Microsoft chops Surface RT price to $349
One Microsoft bull urges consumers to take a pass, even at that price
Computerworld - Microsoft on Sunday slashed prices on its Surface RT tablets by as much as 30%, with the entry-level 32GB model selling for $349.
The 64GB Surface RT was also discounted by $150, and now sells for $449, or 25% off its former price.
When Microsoft launched the tablet, it sold the 32GB device for $499 and the 64GB configuration for $599.
Microsoft started selling the Surface RT at the lower prices Sunday, as did some of its U.S. retail partners, including Best Buy and Staples. On its website, Staples noted that the discounted prices are valid until July 20, and only while supplies last.
Microsoft's website, however, listed no caveats, hinting that the lower prices might be permanent or at least will be honored for longer than one week.
The prices are another attempt by Microsoft to clear its existing inventory in preparation for a second-generation line of Windows RT devices. Previously, Microsoft had launched multiple deals to rid itself of the poor-selling tablet, most recently in June when it slashed prices by 60% in a bid to get universities and K-12 schools to buy the device.
Earlier, it kicked off a buy-a-Surface-RT-get-a-free-cover deal that ran until June 30. And at several conferences, including June's TechEd North America and this month's Microsoft Partner Conference, the company sold attendees a 64GB Surface RT for $100, 83% off list price.
Today's sale prices were nearly Microsoft's cost, which according to estimates of the tablet's component prices, runs the company at least $284 for the 32GB Surface RT.
Microsoft has not abandoned Windows RT, the pared-down operating system that powers the Surface RT, but virtually every third-party OEM has either pointedly ignored the OS or publicly announced that they would not support it with devices of their own. Instead, the OEMs have flocked to Windows 8 Pro, even though some analysts question the value of touch devices on a platform whose biggest selling point is legacy software that doesn't support touch.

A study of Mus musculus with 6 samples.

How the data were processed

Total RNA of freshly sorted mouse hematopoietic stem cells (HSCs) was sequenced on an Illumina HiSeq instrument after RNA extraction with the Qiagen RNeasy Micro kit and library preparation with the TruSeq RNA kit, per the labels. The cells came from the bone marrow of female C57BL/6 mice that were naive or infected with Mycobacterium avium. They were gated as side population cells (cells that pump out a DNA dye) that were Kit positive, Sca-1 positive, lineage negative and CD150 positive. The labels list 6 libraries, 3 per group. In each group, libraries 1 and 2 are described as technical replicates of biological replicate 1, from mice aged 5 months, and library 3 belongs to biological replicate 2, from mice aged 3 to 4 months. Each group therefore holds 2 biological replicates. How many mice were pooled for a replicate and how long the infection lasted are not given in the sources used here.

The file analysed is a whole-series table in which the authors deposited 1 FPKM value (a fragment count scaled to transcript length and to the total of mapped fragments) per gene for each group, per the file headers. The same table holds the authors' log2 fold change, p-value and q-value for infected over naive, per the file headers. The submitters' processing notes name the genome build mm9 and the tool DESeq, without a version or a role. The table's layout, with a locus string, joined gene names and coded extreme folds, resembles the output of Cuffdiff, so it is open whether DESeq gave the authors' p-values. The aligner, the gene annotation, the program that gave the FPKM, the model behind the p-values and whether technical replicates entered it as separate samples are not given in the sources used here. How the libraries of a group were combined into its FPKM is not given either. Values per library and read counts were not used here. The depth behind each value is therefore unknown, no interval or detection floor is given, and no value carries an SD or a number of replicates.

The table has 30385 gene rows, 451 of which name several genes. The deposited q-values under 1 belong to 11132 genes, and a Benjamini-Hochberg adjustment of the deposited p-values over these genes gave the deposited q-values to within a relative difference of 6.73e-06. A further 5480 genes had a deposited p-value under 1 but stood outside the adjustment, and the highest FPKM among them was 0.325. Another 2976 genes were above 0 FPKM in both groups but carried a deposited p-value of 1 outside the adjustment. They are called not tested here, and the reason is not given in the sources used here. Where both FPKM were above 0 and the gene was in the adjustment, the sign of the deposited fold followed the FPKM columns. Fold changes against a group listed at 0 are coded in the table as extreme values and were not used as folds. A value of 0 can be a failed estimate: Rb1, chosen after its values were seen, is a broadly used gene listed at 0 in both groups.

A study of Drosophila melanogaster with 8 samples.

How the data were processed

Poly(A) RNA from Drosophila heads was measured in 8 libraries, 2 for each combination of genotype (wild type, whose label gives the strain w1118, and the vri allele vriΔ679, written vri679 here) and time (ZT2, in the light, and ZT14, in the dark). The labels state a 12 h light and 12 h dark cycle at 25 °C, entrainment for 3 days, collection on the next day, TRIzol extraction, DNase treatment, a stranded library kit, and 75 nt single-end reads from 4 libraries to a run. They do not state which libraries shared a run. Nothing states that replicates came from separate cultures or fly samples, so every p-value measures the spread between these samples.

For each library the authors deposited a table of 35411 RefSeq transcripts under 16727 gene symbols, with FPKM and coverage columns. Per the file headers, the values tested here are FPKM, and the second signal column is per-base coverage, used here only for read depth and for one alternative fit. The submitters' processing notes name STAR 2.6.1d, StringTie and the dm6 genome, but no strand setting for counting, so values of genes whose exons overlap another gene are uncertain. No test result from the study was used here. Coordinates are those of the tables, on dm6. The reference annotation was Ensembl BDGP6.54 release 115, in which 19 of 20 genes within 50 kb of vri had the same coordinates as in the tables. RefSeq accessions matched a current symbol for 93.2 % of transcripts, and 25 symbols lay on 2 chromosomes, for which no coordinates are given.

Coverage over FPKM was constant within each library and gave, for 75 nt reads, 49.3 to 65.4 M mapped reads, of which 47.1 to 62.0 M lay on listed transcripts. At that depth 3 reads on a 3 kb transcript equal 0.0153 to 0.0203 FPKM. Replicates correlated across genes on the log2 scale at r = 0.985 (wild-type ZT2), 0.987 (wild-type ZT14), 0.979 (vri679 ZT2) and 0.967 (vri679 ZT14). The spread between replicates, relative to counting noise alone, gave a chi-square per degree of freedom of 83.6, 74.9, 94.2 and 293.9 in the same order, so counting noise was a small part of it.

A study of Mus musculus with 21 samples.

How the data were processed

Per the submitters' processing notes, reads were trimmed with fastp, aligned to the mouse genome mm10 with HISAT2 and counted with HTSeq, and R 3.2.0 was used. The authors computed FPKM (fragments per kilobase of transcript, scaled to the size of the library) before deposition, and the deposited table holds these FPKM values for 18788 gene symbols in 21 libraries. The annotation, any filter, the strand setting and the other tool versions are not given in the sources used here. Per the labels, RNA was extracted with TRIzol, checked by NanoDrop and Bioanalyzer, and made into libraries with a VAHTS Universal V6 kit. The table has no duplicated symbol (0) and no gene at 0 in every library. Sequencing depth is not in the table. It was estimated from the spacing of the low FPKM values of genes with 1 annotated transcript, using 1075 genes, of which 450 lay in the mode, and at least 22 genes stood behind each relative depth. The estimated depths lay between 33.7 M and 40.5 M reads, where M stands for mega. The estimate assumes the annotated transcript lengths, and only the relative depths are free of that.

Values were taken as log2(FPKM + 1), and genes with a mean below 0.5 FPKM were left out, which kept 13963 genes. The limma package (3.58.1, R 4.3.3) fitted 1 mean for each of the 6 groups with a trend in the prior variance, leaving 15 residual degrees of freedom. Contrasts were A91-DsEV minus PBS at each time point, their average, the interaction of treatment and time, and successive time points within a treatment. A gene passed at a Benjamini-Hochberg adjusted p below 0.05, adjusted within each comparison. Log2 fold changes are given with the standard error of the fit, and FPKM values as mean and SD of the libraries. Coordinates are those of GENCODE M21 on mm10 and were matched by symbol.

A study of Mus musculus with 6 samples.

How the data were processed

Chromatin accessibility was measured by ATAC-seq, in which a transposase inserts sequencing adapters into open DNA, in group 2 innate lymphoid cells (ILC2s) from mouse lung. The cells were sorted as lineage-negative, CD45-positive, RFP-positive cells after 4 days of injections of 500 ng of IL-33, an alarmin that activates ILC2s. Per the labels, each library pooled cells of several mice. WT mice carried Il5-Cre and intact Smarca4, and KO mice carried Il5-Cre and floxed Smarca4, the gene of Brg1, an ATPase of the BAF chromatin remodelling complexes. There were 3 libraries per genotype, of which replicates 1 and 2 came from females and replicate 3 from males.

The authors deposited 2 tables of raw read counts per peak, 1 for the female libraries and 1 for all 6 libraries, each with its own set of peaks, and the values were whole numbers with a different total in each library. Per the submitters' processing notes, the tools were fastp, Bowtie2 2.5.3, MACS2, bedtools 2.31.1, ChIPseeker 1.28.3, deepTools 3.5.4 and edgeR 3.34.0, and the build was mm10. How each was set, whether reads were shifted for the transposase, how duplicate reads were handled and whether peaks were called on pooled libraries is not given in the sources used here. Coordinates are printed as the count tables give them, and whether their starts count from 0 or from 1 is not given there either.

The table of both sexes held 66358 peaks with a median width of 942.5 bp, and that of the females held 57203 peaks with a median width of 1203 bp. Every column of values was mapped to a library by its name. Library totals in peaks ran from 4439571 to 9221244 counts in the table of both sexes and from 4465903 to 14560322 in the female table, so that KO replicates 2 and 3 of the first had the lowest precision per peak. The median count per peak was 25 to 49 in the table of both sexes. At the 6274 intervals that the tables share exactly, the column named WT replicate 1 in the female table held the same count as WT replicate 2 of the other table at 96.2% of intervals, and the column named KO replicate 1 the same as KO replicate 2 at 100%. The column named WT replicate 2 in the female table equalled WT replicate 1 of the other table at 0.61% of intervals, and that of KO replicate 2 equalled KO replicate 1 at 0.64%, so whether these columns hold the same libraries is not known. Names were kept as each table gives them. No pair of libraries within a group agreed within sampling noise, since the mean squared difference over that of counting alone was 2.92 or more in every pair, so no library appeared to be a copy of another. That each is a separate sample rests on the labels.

It was the lack of OEM support that made it possible for Microsoft to drop the price of the Surface RT so dramatically. Microsoft essentially had promised hardware partners that it would not undercut their pricing -- unlike Microsoft, the third-party OEMs must pay for the Windows RT license -- but with no competition, and thus no OEMs to antagonize, Microsoft was able to push the Surface RT into the bargain basement.
Long-time supporters of Microsoft have turned their back on Surface RT, even at the heavily-discounted price. Today, blogger Paul Thurrott, generally bullish on Microsoft, excoriated the tablet, calling it a "piece of junk" that is "simply too underpowered to provide a satisfactory experience."
Microsoft has made no noise about when, or truth be told, even if, it will debut new Surface RT devices. But it seems clear, after last week's corporate reorganization and its emphasis on a "complete spectrum" of devices -- a "family of devices," as CEO Steve Ballmer put it -- that the company must at some point unveil new tablets, if only to put its money where Ballmer's mouth is.
Analysts and pundits alike have held up the newest processors from Intel and ARM licensees such as Nvidia as Microsoft's best hope for gaining more ground in tablets. Those processors, battery misers and more powerful, respectively, are expected to appear in new devices this fall -- in time for the holiday selling season but likely not for the almost-as-important back-to-school sales, into which Best Buy lumped the discounted Surface RT.
Microsoft has not revealed sales figures for the Surface line -- which also includes the Surface Pro, powered by Windows 8 Pro -- but estimates by research firms like IDC have been lackluster.
Gregg Keizer covers Microsoft, security issues, Apple, Web browsers and general technology breaking news for Computerworld. Follow Gregg on Twitter at @gkeizer, on Google+ or subscribe to Gregg's RSS feed . His email address is firstname.lastname@example.org.